In view of the unrest in Kazakhstan, Russia has deployed soldiers to the Central Asian country, state news agencies reported on Thursday.
Paratroopers have been sent as part of a peacekeeping force, several Russian agencies reported on Thursday, citing the Collective Security Treaty Organisation (CSTO), a Russian-led military alliance of former Soviet states.
The military alliance had already declared during the night that it would comply with Kazakhstan’s request for help.
Armenian Prime Minister Nikol Pashinyan wrote on Facebook that the soldiers should be sent for a limited period of time to stabilise and normalise the situation in the country.
Kazakhstan had asked the alliance for help to restore order after riots erupted during rare mass protests over high energy prices.
President Kassym-Jomart Tokayev, who called the unrest “an undermining of the integrity of the state,” dismissed the government before the military intervened in the city of Almaty late Wednesday.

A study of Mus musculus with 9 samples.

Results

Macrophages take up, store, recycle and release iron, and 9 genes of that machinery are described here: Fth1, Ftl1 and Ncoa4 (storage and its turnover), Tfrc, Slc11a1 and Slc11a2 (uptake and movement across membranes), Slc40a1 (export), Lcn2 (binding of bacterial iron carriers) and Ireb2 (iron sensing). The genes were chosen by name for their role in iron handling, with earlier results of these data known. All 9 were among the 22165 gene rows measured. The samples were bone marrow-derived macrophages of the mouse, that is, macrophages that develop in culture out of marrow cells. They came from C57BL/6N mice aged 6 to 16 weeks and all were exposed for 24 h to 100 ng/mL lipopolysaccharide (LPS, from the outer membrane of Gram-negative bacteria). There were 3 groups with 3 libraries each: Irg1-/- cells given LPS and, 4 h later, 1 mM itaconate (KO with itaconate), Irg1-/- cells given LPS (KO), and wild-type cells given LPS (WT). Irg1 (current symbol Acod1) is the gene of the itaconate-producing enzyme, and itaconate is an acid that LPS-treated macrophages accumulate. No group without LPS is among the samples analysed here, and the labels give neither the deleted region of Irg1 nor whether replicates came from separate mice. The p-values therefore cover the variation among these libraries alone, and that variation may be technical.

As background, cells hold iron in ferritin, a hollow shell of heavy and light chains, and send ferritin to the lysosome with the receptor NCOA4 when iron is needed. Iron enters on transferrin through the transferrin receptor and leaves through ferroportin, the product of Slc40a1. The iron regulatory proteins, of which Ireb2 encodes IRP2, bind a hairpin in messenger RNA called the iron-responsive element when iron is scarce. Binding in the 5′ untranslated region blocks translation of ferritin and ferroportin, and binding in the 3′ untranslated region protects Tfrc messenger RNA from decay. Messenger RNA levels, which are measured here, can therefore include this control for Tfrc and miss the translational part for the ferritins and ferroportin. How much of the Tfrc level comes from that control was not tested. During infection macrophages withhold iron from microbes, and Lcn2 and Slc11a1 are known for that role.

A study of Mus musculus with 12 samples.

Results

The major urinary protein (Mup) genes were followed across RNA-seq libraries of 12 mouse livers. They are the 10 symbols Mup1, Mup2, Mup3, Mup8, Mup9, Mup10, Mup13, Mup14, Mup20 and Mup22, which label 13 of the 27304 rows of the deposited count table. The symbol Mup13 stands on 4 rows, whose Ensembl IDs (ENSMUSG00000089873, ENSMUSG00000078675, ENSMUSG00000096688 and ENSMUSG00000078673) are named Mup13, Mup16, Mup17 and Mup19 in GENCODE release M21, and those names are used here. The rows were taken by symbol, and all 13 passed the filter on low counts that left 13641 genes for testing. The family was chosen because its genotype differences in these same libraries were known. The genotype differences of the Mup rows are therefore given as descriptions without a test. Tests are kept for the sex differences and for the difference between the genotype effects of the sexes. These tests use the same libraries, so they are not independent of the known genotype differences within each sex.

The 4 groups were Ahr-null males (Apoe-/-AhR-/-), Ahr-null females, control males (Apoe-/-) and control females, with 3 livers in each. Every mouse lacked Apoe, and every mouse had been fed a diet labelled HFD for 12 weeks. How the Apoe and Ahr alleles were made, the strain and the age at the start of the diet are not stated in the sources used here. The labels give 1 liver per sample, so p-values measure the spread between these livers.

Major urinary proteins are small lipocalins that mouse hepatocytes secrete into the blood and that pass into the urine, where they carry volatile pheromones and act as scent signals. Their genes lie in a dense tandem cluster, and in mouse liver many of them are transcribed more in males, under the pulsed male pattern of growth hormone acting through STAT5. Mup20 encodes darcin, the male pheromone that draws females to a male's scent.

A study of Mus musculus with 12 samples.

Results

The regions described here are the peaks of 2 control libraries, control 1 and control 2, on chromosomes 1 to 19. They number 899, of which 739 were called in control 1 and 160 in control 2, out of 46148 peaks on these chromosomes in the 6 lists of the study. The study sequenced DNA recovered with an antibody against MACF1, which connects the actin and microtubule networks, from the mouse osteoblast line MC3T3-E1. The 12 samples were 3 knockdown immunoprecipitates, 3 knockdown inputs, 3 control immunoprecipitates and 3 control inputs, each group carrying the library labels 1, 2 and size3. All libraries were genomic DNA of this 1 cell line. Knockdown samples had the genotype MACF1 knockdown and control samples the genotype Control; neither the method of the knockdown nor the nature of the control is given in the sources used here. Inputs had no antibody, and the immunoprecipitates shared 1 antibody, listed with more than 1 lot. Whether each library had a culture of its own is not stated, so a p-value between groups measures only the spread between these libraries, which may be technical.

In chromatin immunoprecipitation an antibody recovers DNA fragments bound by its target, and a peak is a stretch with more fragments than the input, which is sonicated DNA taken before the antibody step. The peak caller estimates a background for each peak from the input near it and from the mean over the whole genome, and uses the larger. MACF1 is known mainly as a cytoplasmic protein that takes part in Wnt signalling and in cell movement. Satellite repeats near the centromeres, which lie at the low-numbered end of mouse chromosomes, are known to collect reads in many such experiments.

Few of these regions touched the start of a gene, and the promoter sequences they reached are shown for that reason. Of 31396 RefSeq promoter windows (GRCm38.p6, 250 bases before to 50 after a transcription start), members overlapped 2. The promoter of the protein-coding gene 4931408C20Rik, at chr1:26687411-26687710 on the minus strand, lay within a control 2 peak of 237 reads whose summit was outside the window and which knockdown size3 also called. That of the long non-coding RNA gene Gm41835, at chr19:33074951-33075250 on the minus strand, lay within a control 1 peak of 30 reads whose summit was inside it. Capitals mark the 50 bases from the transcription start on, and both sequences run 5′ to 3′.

Dozens have been killed in riots in Kazakhstan’s economic metropolis Almaty, reports said on Thursday.
People tried to storm various police buildings during the night, the Kazakh TV station Khabar 24 quoted a spokesperson for the Interior Ministry as saying, according to the Russian state news agency TASS.
Dozens of attackers were eliminated, the report said, and their identities are now being established, which suggests that there may have been casualties.
Internet sites belonging to the Kazakh media could not be reached from outside the country on Thursday morning.
The exact situation was therefore unclear, so far, the authorities had only officially confirmed eight policemen and soldiers killed. There has been no information on civilian casualties so far.
On Wednesday night, the military intervened. Since then, operations have been underway in various parts of the city of Almaty against demonstrators, who are reportedly also armed.
Residents have been asked to stay in safe places and avoid the streets.
The largest wave of protests in years was triggered by resentment over increased fuel prices in the oil and gas-rich former Soviet republic with more than 18 million inhabitants, turning into anti-government protests.